Cinematic VR with spatial audio, a minimal workflow

Compatible with YouTube, Facebook and Vimeo

This is getting silly

Minimal panoramic video

First of all, we’re going to need some form of panoramic video. Some say that it needs to be 3D in order to be considered actual VR, but we’re targeting the lowest common denominator. If you’re interested in a 3D workflow, follow me, a guide is going to be ready soon™.

Currently, the cheapest and easiest way of getting a good enough image quality is using a dedicated consumer camera, like the Samsung Gear 360, the LG 360 Camera or the Nikon KeyMission. They tend to hover around €300 including taxes, they’re widely available and you can use your existing tripod. They’re also very easy to control both with and without a phone and come with complimentary video processing software, for both Android and Windows.

In all cases, the video quality is perfectly acceptable in good lightning conditions, but degrades quickly as soon as it gets dark. The angular resolution is also a limiting factor, it’s best to keep the subjects in the sweet spot, a bit over 2 meters away.

Another important consideration is the thermal envelope: they’re all subject to overheating, to different extents. Try not to use long shots, or don’t use wireless controls if you’re shooting for a long time. They all have airplane modes, which don’t change the battery life very much, but dramatically change the thermal compliance.

Ambisonics the easy way

The LG 360 does on-board First-Order Ambisonics, so it’s definitely the easiest solution. It’s already compatible with YouTube, and has all the relevant metadata. Of course, you’ll want to edit it a lot of the time, which must be handled carefully.

The second easiest thing to do is buying a Zoom H2n, update the firmware, enable spatial audio, and that’s it. It lacks vertical information, but for most videos it’s just fine, and it’s already in today’s preferred format. YouTube will accept it without question.

Just make sure you point the Zoom and the camera in the same direction. In case you get this wrong, you can rotate either the video, using Premiere Pro’s offset tool, or the audio, using kronlachner’s “Ambisonics first order rotator” VST plugin in your DAW of choice.


Both devices have standard photographic tripod threads. You can use two tripods very close together, or build something like this:

The one at the bottom is a cylindrical microphone array with 32 capsules


The tricky bit is reconstructing the temporal alignment between the audio and the video. As this is a minimal workflow, we’re going to stick to free software. This is easy for the audio part, as Audacity is perfectly adequate, but a bit of an headache for the video part. If you have an higher end smartphone, there’s a pretty good mobile editing app called Collect.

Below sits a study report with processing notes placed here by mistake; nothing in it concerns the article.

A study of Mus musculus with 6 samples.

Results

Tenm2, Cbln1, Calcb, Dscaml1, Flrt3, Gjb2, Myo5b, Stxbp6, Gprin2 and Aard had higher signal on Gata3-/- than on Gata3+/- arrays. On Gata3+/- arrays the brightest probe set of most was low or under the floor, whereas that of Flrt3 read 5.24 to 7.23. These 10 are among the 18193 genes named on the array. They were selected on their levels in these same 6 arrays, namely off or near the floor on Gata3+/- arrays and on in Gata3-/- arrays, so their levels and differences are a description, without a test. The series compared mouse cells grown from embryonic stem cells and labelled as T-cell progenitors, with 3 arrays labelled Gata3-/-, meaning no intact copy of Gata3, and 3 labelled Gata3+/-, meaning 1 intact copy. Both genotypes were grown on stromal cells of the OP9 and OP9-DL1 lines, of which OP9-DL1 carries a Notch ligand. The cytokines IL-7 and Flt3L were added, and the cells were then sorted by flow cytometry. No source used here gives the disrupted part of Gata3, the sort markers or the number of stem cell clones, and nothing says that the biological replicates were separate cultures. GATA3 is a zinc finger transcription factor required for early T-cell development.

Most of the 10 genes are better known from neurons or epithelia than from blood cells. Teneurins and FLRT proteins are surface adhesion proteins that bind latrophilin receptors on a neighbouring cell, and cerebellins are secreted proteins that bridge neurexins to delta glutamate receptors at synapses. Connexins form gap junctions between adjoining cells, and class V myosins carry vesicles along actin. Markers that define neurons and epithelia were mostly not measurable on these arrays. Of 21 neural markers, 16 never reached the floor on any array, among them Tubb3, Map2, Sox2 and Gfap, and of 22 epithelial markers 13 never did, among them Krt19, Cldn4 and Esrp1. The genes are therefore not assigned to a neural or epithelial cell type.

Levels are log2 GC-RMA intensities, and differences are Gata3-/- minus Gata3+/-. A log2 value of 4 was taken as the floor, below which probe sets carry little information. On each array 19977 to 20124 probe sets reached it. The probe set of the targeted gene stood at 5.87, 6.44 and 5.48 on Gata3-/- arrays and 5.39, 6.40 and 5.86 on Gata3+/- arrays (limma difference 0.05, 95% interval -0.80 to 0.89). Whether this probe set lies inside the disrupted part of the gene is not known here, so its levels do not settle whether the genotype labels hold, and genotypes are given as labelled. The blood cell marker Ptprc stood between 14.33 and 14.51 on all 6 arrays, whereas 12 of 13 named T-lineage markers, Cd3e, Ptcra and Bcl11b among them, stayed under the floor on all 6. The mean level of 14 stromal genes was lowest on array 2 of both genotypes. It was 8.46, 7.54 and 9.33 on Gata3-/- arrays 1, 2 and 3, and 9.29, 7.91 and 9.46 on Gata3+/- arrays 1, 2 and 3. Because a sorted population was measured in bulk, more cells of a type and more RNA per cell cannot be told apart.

For most real-life scenarios, I’d advise getting your hands on a copy of Adobe Premiere.

Editing the video

The first step will be to trim the desired portion of the clips. We’re going to cut the video to the preferred length using MPEG Streamclip. Just set the In and Out points and export the video using the Save As option, so that it won’t recode. Alternatively, you can use ffmpeg.

ffmpeg -i movie.mp4 -ss 00:00:03 -t 00:00:08 -async 1 cut.mp4

If you shot with the LG, and already have an aligned audio track, your best bet is to use ffmpeg, making sure you appropriately specify the audio channels with the -channel_layout 4.0 option. Just export all your clips, concatenate them to obtain your edit, and skip to the metadata section.

Next, we’re going to obtain a synced-up version of the Ambisonics audio for each video clip.

Editing the audio

We’re going to use Audacity. Make sure you enable multitrack exporting in the options, or it will only do stereo files.

Import the audio from one of the clips you obtained in the previous step, and open the relevant audio source from your Ambisonics recording. You will now have to sync them up, and export the relevant trim of the Ambisonics audio.

Once you’ve done this for all clips, you’ll have to mux each video clip to its audio, like this.

ffmpeg -i videoClip.mp4 -i audioClip.mp4 -channel_layout 4.0 -c:a copy -c:v copy -shortest muxedClip.mp4

Finally, concatenate the resulting files.

Injecting the metadata

Download the 360 Video Metadata app for Mac or Windows.

Open it, select your video, inject the metadata, save the resulting video, and you’re good to go.

YouTube and Facebook should accept with no problem, Vimeo will accept it, but it will play back the audio in stereo, with no spatial information. Vimeo doesn’t currently support any spatial audio, though.

Please let me know about any mistake or inaccuracy!